This is the sequel to The Sparrow, which I reviewed here. I found the first book a captivating, albeit flawed, First Contact novel with religious overtones. The Society of Jesus sends the first mission to the planet Rakhat, from which radio broadcasts that sound like people singing have come to Earth. Charmed by music from another planet, Father Emilio Sandoz and his fellow explorers - three other Jesuit priests, a married couple, and a single man and single woman - look on their mission as part of God's plan to bring intelligent species together. As happens even on this planet when people encounter unfamiliar civilizations, misunderstandings abound and the mission ends tragically, with Emilio the only survivor. A broken man - physically, emotionally, and spiritually - he returns to Earth to find that he is the subject of revulsion within his own order and tabloid smearing to the world at large for crimes he supposedly committed while on Rakhat. Much of the novel's exposition reveals to the reader what really happened on Rakhat.
Children of God is concerned primarily with the second Jesuit excursion to the planet Rakhat, one intended to heal wounds of various kinds. Emilio - against his will - is sent back along with a new team. Russell's method for getting Emilio on the mission (kidnapped by the Mafia on the eve of his wedding, after he has left the priesthood and fallen in love) is completely implausible and she even apologizes for it in the Acknowledgements. In fact, the whole Earth subplot - with Emilio's romance with a cardboard character and her Mafia connections - is a weak point of the novel. Luckily, the focus is not on Earth but on Rakhat, and Russell's world building is exemplary.
Rakhat has two different sentient species that look similar but have evolved separately. One, the Jana'ata, are the dominant race, with a very structured and controlled society. Among the Jana'ata are the singers that originally attracted Earth's attention. The much more numerous Runa serve the Jana'ata masters in a variety of capacities: as domestics, as workers in their various business enterprises, as concubines. And, as the visitors of Earth found to their horror in the first book, the peaceful herbivorous Runa are also slaughtered and eaten by their Jana'ata masters.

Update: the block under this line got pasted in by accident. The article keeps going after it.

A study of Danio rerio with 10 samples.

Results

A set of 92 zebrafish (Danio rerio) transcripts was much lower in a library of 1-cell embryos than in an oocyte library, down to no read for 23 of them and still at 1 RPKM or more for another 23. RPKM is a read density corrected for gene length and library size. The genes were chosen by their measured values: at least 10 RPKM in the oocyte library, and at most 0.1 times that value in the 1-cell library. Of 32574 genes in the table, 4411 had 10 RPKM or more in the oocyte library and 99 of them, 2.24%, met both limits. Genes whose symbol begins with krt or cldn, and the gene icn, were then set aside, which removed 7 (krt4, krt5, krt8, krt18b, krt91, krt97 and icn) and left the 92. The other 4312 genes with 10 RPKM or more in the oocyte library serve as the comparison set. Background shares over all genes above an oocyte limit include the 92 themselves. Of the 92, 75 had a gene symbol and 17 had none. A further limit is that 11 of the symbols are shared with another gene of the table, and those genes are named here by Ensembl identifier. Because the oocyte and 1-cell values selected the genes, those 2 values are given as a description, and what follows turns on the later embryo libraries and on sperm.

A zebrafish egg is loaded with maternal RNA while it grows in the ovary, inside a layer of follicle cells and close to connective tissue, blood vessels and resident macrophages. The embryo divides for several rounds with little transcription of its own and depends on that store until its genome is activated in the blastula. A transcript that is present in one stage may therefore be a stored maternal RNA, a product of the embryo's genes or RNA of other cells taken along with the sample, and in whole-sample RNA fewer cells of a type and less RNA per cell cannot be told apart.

Children of God deals with revolutionary change on Rakhat, as the Runa arise and overthrow their Jana'ata masters. Sophia Mendez, who started the uprising in the first book and was presumed to have been killed in the first battle, actually survived and became the architect of the revolution. She and her autistic son Isaac are the only humans on Rakhat. She joins forces with a renegade Jana'ata who escapes with his baby daughter, who had been slated for infanticide. Together they form a family of sorts, raising Isaac and Ha'anala - the baby Jana'ata - together as brother and sister. They form a Runa army and transform the planet Rakhat.
By the time the second Jesuit mission arrives the Jana'ata are almost extinct. The reader's view of the master race as wholly evil is challenged by pockets of Jana'ata kindness and compassion, by more information on just how the two species interrelated over the course of their existence, and most of all by a small interspecies community led by Ha'anala when she grows up. From beginning to heart-breaking ending, Russell's message is that things aren't always what they seem to be and that life and ethics are infinitely more complex and nuanced than they seem at first.
I enjoyed this book considerably more than the first, which I had quite liked. Russell has some problems with plot and plausibility that were evident in both books, but in this one they were much more pronounced in the Earth segment of the book, which is brief. I found the characters in the second book more compelling and more fully realized, for the most part, and the philosophical questions better integrated with the personal story. I felt so for the plight of the characters that I cried through much of the second half of the book and find myself thinking about them - particularly Ha'anala - at odd times since. Children of God is definitely a book worth reading and one I expect will stay with me for a long time.